That’s my best estimate of how far I have flown in my lifetime. The planes I fly lately go about 300 miles per hour, when they are cruising. I used to fly slower planes, and not all of a flight is at cruise speed, so I used an arbitrary average of 200 miles per hour times 15,000 hours of accumulated flight time. Three million miles is the result. It would work out to about 120 laps around the earth’s equator.
Every now and then, I look back and, well, marvel at how far I have come. Sometimes this happens at milestones, like the fifteen thousand hour mark last year. Sometimes it happens when it’s not clear if I will be logging more.
I had a health scare a couple of years ago. I was grounded by Metabolic Syndrome and had to work purely at the desk side of my job as assistant chief pilot for a small air taxi company. I had neglected my health, and my health was sulking. I was overweight, with high cholesterol, high blood pressure and high blood sugar. I had to make some drastic changes to get healthy again. I started by throwing bacon, butter and sugar out of my life. With the temporary help of insulin, I started walking every day. I lost over eighty pounds, and my blood pressure dropped to optimal, my cholesterol plummeted, and my blood sugar stabilized at normal levels without medication. When I was cleared to resume flying, I told the company I wanted to leave my mostly desk job to return to flying only. That reduced my stress levels a lot, and the kind of flights we do leave me ample time for exercise. I was healthier than I’d been for a decade or more, often taking vigorous hikes an hour to two hours long on steep trails.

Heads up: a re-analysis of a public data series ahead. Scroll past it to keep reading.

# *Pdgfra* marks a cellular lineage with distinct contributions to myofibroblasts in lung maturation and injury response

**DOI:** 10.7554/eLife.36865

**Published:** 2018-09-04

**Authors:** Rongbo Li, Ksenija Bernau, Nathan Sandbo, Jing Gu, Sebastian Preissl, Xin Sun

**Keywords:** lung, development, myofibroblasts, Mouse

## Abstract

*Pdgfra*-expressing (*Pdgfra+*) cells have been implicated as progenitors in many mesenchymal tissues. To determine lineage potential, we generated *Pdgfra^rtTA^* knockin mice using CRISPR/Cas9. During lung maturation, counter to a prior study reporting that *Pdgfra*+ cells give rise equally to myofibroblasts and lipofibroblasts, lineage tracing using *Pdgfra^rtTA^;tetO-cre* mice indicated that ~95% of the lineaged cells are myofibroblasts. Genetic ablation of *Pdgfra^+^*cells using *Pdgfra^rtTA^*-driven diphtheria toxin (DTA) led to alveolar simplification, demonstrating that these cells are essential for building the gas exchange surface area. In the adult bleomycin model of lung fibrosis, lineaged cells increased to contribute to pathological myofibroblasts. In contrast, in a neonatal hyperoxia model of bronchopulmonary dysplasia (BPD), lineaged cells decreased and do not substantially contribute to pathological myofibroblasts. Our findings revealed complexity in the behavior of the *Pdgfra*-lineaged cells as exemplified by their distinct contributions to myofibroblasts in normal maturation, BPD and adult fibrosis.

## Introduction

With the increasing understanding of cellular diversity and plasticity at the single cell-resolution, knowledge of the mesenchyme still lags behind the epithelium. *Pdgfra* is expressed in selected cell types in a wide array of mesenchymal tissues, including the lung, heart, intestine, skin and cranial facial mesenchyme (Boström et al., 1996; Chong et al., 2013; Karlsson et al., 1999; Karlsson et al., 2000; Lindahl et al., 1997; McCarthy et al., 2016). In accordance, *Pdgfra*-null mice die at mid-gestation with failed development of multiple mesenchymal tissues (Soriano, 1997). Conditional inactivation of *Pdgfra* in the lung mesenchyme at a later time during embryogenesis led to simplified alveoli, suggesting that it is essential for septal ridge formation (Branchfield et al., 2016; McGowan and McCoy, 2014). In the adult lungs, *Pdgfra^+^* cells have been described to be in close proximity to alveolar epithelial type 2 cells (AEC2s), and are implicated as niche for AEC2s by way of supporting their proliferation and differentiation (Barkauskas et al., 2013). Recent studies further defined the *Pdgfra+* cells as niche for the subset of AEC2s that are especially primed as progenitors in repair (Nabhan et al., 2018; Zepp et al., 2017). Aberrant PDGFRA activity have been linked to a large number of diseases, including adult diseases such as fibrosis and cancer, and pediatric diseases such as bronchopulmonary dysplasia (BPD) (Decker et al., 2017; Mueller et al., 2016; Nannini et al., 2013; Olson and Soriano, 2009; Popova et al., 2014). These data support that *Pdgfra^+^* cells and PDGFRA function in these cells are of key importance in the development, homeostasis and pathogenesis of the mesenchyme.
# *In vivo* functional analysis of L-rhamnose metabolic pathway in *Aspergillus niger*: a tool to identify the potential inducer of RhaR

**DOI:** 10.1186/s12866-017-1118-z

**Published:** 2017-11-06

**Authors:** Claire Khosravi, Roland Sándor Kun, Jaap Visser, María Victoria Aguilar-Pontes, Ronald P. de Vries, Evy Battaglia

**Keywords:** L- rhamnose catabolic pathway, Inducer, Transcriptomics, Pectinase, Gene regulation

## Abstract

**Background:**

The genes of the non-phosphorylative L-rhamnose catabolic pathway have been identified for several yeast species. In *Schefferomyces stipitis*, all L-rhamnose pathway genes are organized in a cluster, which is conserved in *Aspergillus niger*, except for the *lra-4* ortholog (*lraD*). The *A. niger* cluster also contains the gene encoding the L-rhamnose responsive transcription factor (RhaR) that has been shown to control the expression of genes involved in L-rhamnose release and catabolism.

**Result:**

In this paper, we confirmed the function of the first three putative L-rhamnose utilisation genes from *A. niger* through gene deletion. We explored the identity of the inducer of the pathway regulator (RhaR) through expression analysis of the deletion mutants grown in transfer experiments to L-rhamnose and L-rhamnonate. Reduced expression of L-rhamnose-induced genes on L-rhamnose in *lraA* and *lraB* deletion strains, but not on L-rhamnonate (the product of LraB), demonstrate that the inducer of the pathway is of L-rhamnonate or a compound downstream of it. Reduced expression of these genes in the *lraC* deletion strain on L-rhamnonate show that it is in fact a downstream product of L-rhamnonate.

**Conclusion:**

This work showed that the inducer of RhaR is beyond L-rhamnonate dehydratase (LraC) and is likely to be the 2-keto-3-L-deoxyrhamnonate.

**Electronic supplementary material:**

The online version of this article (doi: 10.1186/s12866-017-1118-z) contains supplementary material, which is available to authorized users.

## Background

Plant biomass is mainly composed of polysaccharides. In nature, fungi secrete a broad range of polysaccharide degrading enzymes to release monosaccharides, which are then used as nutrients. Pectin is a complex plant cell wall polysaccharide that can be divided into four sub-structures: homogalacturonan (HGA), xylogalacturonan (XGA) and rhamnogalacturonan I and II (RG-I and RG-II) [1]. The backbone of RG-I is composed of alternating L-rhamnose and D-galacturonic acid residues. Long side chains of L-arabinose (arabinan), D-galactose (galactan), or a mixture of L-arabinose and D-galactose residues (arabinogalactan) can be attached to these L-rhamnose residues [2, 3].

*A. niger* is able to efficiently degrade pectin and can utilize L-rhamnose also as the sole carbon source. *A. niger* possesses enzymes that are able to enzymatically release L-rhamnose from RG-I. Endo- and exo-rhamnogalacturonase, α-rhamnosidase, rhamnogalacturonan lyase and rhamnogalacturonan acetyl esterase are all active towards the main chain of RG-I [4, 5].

Until three weeks ago. One chilly May morning, I had trouble completing an easy one-hour walk. I felt short of breath, and had to rest frequently to get home. My chest ached, and I thought I must have the flu or something. It’s amazing how quickly you can get in to see a doctor if you are an older man with chest pain. I learned that it is most likely angina, a lack of adequate blood flow to the heart, which is usually due to a build-up of plaque or platelets blocking an artery. Medical tests are ongoing, and I’m grounded again. Blood tests show good results, with normal everything and quite low cholesterol levels.
I’m still walking every day, but I have to carry nitroglycerine now. Also, I have to stick to places where an ambulance could reach me, so the wooded trails I love are off limits. I’m no longer drug-free; I must take aspirin and a statin every day until an angiogram can determine the specific nature of the problem. It is quite likely that I will need a stent, which will mean medication indefinitely.
None of these things have to ground me permanently, but after getting a stent, I would need six months to show that I am stable and then I will have to pass a stress test. Recently, I could not. In the meantime, I am off work on disability leave.
I am doing the house-spouse thing, and trying to write more. In particular, I have been getting more serious about my submissions: doing more of them, and taking more time to research the publications and target them better, trying to match my stories to their tastes. I’m getting short-listed quite a lot, and getting some nice replies from editors. Encouraging rejections, if you will allow me an oxymoron.
I’m a little down, but I’m not out. I may have another million miles in me yet.